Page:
Left-wing party wins Greenland election, opposes big mining project
Greenland's left-wing Inuit Ataqatigiit party pledged its opposition to a large rare earth mining project on Wednesday after winning a parliamentary election for only the second time in more than four decades. Its comfortable victory casts doubt on the mining complex at Kvanefjeld in the south of the Arctic island and sends a strong signal to international mining companies wanting to exploit Greenland's vast untapped mineral resources.
Greenland's left-wing Inuit Ataqatigiit party pledged its opposition to a large rare earth mining project on Wednesday after winning a parliamentary election for only the second time in more than four decades.
Its comfortable victory casts doubt on the mining complex at Kvanefjeld in the south of the Arctic island and sends a strong signal to international mining companies wanting to exploit Greenland's vast untapped mineral resources. Inuit Ataqatigiit (IA) won 37% of votes in Tuesday's snap election, compared to 26% in the last election, overtaking the ruling social democratic Siumut party which secured 29% of votes, according to official results.
The pro-mining Siumut party has been in power most of the time since Greenland gained home rule from Denmark in 1979. Though not opposed outright to mining, IA has a strong environmental focus. It has campaigned to halt the Kvanefjeld project, which aside from rare earths including neodymium - which is used in wind turbines, electric vehicles and combat aircraft - also contains uranium.
"The people have spoken," IA leader Mute Egede, 34, told broadcaster DR when asked about Kvanefjeld. "It won't happen." Mikaa Mered, lecturer on Arctic affairs at HEC business school in Paris, said of the outcome: "This will without doubt hamper mining development in Greenland."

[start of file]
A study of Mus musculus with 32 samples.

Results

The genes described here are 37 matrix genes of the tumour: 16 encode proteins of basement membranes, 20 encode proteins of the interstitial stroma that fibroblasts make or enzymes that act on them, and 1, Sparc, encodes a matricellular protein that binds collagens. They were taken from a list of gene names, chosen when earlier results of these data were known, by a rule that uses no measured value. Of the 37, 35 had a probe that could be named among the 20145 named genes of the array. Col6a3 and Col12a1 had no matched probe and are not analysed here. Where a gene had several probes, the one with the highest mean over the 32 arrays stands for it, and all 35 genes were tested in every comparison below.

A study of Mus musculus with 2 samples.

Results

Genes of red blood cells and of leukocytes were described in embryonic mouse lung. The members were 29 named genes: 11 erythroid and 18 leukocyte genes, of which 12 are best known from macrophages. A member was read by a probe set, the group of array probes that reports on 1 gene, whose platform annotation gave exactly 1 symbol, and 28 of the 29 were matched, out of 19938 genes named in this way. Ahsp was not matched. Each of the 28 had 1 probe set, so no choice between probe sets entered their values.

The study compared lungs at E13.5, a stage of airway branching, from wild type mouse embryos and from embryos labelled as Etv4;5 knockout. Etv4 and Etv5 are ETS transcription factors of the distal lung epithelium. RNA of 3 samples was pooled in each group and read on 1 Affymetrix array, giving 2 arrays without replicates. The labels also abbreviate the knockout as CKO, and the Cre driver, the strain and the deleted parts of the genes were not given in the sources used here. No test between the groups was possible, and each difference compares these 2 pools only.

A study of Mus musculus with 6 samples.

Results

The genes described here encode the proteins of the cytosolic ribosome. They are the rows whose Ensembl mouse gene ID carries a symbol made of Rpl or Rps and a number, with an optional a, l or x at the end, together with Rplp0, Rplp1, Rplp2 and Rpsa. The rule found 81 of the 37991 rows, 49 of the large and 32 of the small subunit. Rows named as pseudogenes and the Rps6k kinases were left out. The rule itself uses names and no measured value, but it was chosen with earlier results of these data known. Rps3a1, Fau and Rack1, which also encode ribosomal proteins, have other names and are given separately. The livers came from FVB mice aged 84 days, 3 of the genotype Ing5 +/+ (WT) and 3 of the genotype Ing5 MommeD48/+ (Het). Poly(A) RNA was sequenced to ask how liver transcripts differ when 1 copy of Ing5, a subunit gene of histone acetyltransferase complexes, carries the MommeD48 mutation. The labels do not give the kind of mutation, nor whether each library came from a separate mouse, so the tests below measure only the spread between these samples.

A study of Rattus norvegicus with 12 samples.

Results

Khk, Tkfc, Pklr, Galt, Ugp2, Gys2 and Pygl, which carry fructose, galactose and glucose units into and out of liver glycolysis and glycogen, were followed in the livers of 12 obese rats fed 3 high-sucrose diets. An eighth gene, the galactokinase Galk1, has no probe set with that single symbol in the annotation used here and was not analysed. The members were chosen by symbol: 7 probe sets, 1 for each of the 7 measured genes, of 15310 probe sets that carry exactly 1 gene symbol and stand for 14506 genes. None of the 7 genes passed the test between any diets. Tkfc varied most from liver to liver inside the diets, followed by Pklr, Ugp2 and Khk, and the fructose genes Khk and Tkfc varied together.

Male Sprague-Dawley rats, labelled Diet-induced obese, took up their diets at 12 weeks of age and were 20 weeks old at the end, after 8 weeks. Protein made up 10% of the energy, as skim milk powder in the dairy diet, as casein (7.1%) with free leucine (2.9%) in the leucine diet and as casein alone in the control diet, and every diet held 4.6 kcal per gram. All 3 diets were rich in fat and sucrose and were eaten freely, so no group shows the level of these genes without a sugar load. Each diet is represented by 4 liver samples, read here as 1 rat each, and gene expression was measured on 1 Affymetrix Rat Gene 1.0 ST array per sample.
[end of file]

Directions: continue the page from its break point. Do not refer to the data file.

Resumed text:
While most Greenlanders see mining as an important path towards independence, the Kvanefjeld mine has been a contention point for years, sowing deep divisions in the government and population over environmental concerns. "It's not that Greenlanders don't want mining, but they don't want dirty mining," Mered said, referring to uranium and rare earth projects. "Greenlanders are sending a strong message that for them it's not worth sacrificing the environment to achieve independence and economic development."
CHALLENGES AHEAD The island of 56,000 people, which former U.S. President Donald Trump offered to buy in 2019, is part of the Kingdom of Denmark but has broad autonomy.
Egede, who was minister for natural resources in a coalition government from 2016 to 2018, will be first to try to form a new government. A potential government ally could be Naleraq, an independence party that also opposes the Kvanefjeld project. Support from Prime Minister Kim Kielsen and his governing Siumut party helped license-holder Greenland Minerals gain preliminary approval for the project last year, paving the way for a public hearing.
The Australian firm has already spent more than $100 million preparing the mine and has proven processing technology through its Chinese partner Shenghe Resources. Greenland Minerals Chief Executive John Mair said the public hearing has "lacked the normal due process" due to the early election.
"This unfortunately created a void that was filled with a wave of misinformation," he told Reuters on Wednesday. He declined to comment on the election outcome until a new government had been formed. "The challenge for IA will be to explain to the world that Greenland is still open for business and still an attractive mining jurisdiction," said Dwayne Menezes, head of London-based think-tank Polar Research and Policy Initiative.